State senators demanded answers from leaders involved in the Greenwood County tuberculosis outbreak, though many said they were left with more questions when the hearing was over.
The state Senate subcommittee hearing Thursday featured testimony from the Director of the Department of Health and Environmental Control, Catherine Templeton, along with other officials from DHEC, Greenwood County School District 52 and even parents affected by the outbreak.
Templeton took the brunt of the questions and some attacks on her reputation, to which she replied, "We've held people accountable, for which I do not apologize."
Thursday's meeting was organized by state Sen. Floyd Nicholson, who represents Greenwood.
"Mistakes were made ... how can we correct those mistakes as we get ready to go forward into a new school year, and to make sure another thing like this doesn't happen in another part of the state?" Nicholson asked.
During the hearing, new details about the outbreak were released, including the update that those who had the contagious form of TB are no longer infectious but are still being treated. The index patient who was the janitor at Ninety Six Primary School is still under medical quarantine.
Also at the meeting were three Upstate nurses fired by DHEC in the wake of the outbreak and investigation. Templeton said the firings came because the women worked too slowly in the investigation and violated policy.
The nurses watched as senators cited email after email showing they were the ones asking for help.
"My clients were giving the absolute direct information that was supposed to go up the ladder," said attorney John Reckenbeil, who is representing the nurses. "And it's very apparent in this hearing that there is something major, major broken in the middle part of DHEC."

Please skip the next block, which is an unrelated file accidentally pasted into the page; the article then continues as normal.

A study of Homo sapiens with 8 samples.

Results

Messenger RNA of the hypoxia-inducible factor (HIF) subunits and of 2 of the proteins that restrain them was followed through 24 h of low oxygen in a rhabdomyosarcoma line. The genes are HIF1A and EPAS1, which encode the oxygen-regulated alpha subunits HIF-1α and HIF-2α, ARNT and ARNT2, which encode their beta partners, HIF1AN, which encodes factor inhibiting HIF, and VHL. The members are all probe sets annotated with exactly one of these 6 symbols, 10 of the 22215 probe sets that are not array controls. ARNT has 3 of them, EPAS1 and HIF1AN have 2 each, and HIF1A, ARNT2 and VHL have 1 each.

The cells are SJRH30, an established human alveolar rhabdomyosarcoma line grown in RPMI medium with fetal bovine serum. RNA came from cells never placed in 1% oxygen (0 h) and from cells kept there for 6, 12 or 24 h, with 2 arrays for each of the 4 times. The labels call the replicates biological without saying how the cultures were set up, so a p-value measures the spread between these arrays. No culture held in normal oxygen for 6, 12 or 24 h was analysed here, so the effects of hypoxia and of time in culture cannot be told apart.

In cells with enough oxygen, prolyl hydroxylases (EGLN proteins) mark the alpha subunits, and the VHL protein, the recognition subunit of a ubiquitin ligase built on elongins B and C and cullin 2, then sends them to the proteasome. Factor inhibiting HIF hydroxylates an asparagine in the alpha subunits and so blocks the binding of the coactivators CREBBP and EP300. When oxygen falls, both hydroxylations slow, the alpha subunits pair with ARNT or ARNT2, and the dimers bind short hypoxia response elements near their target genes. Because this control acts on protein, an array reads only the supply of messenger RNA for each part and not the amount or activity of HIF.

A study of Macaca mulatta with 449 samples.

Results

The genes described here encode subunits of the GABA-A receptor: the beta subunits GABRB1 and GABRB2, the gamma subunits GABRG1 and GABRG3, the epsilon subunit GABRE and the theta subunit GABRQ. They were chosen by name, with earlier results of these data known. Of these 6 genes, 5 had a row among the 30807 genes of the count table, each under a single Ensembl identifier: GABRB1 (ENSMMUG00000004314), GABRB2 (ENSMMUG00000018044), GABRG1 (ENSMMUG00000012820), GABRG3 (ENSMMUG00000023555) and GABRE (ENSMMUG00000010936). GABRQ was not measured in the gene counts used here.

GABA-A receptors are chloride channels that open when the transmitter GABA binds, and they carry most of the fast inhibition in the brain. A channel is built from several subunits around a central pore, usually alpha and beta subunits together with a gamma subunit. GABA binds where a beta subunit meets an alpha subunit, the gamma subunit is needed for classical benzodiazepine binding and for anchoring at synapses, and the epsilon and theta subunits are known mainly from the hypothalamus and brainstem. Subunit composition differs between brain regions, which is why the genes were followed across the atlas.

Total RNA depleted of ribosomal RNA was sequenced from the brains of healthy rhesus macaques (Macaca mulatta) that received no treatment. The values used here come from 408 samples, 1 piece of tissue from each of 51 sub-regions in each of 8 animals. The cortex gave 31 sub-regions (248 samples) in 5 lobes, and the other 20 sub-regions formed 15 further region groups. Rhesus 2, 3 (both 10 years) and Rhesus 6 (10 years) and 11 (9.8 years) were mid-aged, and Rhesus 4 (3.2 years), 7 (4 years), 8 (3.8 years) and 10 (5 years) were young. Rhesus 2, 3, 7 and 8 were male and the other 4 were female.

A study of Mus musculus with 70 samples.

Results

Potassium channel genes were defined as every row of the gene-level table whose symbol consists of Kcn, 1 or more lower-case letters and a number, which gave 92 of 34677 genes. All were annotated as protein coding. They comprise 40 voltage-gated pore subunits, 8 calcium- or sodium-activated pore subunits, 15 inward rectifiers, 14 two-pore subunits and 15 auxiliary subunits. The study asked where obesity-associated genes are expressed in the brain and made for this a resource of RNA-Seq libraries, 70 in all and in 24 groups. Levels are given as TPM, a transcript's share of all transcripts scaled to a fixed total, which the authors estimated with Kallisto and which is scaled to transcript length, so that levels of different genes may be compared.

Templeton said the nurses will have to work through the legal system to get their jobs back - and if they do, she said she will own up to it.
A teacher at Ninety Six Primary School, where the outbreak took place, spoke at the hearing too. Robin Cobb is also the mother of a student who is sick with TB.
"It was heart-wrenching when my 8-year-old, who was experiencing painful and nauseating side effects from the TB medication asked, 'Mom, is this going to kill me?'" Cobb said.
Some parents who made the trip from Columbia to attend the hearing said they did not get much out of it.
"It's like I wasted a whole day to come here and do this," said Ed Rushton, a parent of a Ninety Six Primary student.
"There are some people who will never be satisfied, but by golly we will keep trying," Templeton said.
The response did not end after Thursday's hearing. DHEC said there will be another round of TB testing before school starts at District 52 on August 20.
The district superintendent said the school has been disinfected, even though it did not have to be.